My love for photography started in Kota. Like most other students, I was preparing for JEE. I used to really enjoy clicking candid pictures of my hostel friends. So when I got into my engineering college I bought a DSLR and very soon started experimenting with it.
It was only after watching a documentary called ‘Genius of photography’ by BBC, that I got introduced to the "Street Photography" genre that was something I liked doing. So, I started researching street photography, watching the works of amazing photographers. I came across Henri Cartier-Bresson's and magnum members of that era and it kind of changed my perspective on photography and inspired me. Since then my interest in street photography started growing and I just knew that I had to make a choice. I dropped out of the engineering college in 2nd year and came back to Delhi.
I knew I wanted to pursue photography as my full-time career but I had a hard time convincing my family in that duration. Everything was falling apart but I stayed strong and didn't give up. I started doing all kinds of commercial work. I took whatever came my way as I wanted to learn, make contacts in the community, and earn some money because street photography doesn't provide money very easily. I also started a studio for commercial work but it was affecting my street photography. I quit the studio, as it was plagued by non-profitability and fraudulent partners. Everything that comes across, teaches you something. I learned a lot about lights during my studio days which helped me develop my technical skills. During that time I was also very fascinated with filmmaking. So, when I met a group of filmmakers who asked me to join them in Bangalore, I just couldn't refuse. I started working with them and we were 4 members on the team. I used to do lighting and color grading. We started making music videos and stop motion videos. I consider my years in Bangalore were my learning years. We did different kinds of projects which kept us so busy that I got separated from street photography, once again. Even if I was keeping myself busy with different kinds of work, I would have never found that creative satisfaction in it like I get from street photography. I have realized that filmmaking was just a fascination for me but when I got into it, it didn’t feel connected. After 3 years in Bangalore, I kept thinking about street photography. It was the reason to get me started in this field and I wasn’t paying attention to it. I left that team and decided to be independent and focus more on Street photography.
I wasn’t in a good mental place after I came back, I was trapped in many issues both, personal and professional. I started my street photography again and bought a Sony Rx100 as I wanted a lightweight good quality camera for my long walks on the street. I had to start it all over again but now I was more experienced technically so that was the benefit. As I started again, my mental state improved constantly and I got into a much better place. I started feeling the creative satisfaction that I was lacking all these years. I was doing everything more open-mindedly and with better ideas. Getting back into street photography also helped me with my introverted nature, I started becoming more communicative and active around people which hasn’t happened in years while working in closed studios.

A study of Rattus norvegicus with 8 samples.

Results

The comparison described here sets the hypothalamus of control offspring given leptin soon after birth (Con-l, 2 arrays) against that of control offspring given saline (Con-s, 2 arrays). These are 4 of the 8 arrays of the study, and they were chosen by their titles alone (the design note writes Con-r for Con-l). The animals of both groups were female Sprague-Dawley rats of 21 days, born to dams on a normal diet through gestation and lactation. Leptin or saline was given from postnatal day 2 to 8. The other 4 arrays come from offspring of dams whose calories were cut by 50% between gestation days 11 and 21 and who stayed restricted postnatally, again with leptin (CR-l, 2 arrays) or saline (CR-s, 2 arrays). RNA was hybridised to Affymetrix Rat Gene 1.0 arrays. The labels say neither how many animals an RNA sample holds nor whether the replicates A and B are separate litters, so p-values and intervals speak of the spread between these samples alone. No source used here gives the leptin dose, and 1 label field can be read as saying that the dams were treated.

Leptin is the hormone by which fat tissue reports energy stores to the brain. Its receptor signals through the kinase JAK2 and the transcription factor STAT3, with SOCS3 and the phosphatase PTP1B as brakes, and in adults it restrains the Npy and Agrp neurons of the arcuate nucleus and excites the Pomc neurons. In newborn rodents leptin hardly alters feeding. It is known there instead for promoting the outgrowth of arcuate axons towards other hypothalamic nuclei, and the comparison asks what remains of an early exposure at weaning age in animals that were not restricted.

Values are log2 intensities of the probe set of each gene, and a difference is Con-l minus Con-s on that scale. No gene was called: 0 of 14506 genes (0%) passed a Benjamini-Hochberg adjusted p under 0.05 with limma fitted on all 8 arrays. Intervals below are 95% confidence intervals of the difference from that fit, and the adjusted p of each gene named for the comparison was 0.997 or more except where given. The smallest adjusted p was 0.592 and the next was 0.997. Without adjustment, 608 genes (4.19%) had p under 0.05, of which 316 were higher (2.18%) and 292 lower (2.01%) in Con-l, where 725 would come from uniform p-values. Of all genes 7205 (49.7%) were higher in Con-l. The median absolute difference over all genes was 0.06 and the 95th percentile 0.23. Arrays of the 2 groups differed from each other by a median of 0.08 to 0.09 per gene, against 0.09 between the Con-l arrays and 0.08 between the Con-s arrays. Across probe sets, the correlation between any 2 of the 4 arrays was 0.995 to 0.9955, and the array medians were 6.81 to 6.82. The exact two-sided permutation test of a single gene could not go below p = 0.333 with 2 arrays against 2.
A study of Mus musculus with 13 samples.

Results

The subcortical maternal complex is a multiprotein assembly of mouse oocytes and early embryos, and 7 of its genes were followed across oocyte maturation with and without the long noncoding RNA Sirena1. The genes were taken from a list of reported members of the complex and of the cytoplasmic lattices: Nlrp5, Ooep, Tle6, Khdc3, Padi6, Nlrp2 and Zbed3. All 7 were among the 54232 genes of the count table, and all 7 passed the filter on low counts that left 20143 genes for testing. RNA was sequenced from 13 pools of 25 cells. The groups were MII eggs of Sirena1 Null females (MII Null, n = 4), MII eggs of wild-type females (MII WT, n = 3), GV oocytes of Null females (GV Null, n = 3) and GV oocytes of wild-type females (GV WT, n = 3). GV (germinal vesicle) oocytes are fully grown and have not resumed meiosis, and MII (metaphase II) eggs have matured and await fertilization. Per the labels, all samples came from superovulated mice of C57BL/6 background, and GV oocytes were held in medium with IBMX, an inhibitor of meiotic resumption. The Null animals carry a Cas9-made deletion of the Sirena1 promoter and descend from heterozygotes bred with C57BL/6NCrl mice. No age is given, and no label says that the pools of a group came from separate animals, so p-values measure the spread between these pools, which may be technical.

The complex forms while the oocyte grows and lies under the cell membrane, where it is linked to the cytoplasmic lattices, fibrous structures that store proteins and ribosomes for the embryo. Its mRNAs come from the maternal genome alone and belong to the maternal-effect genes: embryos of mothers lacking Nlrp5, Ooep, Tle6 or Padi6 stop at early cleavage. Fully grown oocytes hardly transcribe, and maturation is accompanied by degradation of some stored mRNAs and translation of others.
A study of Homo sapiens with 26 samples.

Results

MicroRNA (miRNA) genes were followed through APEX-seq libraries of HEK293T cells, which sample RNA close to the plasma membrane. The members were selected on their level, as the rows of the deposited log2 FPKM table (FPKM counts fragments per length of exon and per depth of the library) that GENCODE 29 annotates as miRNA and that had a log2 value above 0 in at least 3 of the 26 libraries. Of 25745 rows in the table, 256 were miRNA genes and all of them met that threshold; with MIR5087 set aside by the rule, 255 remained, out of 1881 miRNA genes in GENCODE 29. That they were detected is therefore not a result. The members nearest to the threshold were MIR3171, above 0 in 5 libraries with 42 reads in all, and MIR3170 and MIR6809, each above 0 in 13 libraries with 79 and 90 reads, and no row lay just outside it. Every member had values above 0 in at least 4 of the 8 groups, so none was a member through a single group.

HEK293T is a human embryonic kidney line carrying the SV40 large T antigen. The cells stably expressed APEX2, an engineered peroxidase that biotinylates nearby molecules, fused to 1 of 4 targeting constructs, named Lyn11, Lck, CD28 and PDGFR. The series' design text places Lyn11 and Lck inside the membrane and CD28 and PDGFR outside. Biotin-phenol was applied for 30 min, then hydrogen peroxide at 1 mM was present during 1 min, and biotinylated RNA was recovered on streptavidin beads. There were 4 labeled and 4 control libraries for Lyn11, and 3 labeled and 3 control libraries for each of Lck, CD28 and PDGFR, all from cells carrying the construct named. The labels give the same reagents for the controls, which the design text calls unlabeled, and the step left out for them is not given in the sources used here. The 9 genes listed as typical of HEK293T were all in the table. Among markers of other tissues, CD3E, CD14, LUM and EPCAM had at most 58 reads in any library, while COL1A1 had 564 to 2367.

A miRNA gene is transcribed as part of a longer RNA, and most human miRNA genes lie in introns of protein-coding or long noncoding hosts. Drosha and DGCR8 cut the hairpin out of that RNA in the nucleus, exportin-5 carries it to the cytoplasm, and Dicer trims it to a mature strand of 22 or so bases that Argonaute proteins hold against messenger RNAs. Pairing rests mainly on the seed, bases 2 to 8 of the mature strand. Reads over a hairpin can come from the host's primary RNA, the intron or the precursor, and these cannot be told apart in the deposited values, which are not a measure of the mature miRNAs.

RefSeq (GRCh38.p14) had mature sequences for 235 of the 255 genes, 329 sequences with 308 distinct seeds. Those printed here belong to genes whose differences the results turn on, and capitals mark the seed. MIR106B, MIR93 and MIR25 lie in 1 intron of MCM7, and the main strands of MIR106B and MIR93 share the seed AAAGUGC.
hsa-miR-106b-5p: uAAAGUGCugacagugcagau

I started meeting many photographers around Delhi and started learning from them. I also became friends with the National award-winning photographer Himanshu Singh Thakur, I started going on photo walks with him and learned a lot from him. It helped me improve my skills and I started practicing more and more towards developing my own style.
Street photography has its challenges, some people seem very happy to be in camera but some might be offended, and if they do you should be polite enough to delete their pictures. It is like a gamble sometimes you win it and sometimes you don’t.
Once my friend and I went to Mayapuri in Delhi which is an automobile junkyard, it was pretty old and raw so we were very excited about it but when we reached there with our cameras, the people from there frightened us to not take any pictures. Some issues were going on with the neighboring residents (which we get to know about later) and they thought they sent us to picture things against that place which might help them shutting it down. We explained our situation to them but they didn’t believe us and we agreed not to shoot anything and moved back. On our way back, my friend saw a statue of Lord Shiva on a tree which was very fascinating, he took out his camera and took one shot but those people saw us and they came running towards us, they were trying to snatch our cameras and we were trying to pull it back. Luckily, in around ten minutes police came in and protected us from the situation and later told us about how dangerous that place is. We were terrified since that incident and decided not to go to any shady place without proper research.
These small incidents and experiences make you who you are, Social media is a great platform but you have to keep working on it constantly. There’s nothing called immediate success. It took me 2 years to see my work featured on other pages but now I got featured many times in different pages including Nat geo Your shot. It is very encouraging and motivating for me. I have also been a finalist in Hipa 2019, NatGeo Your shot exhibition at Photofest, Mexico & phosofia, Bulgaria.
Instead of following the trends, shoot the subjects that you like. It can be anything. Study good artists, good masters, inspire by their work but don’t try to copy them and don’t stress out over the numbers. If your work is original, people will find you eventually.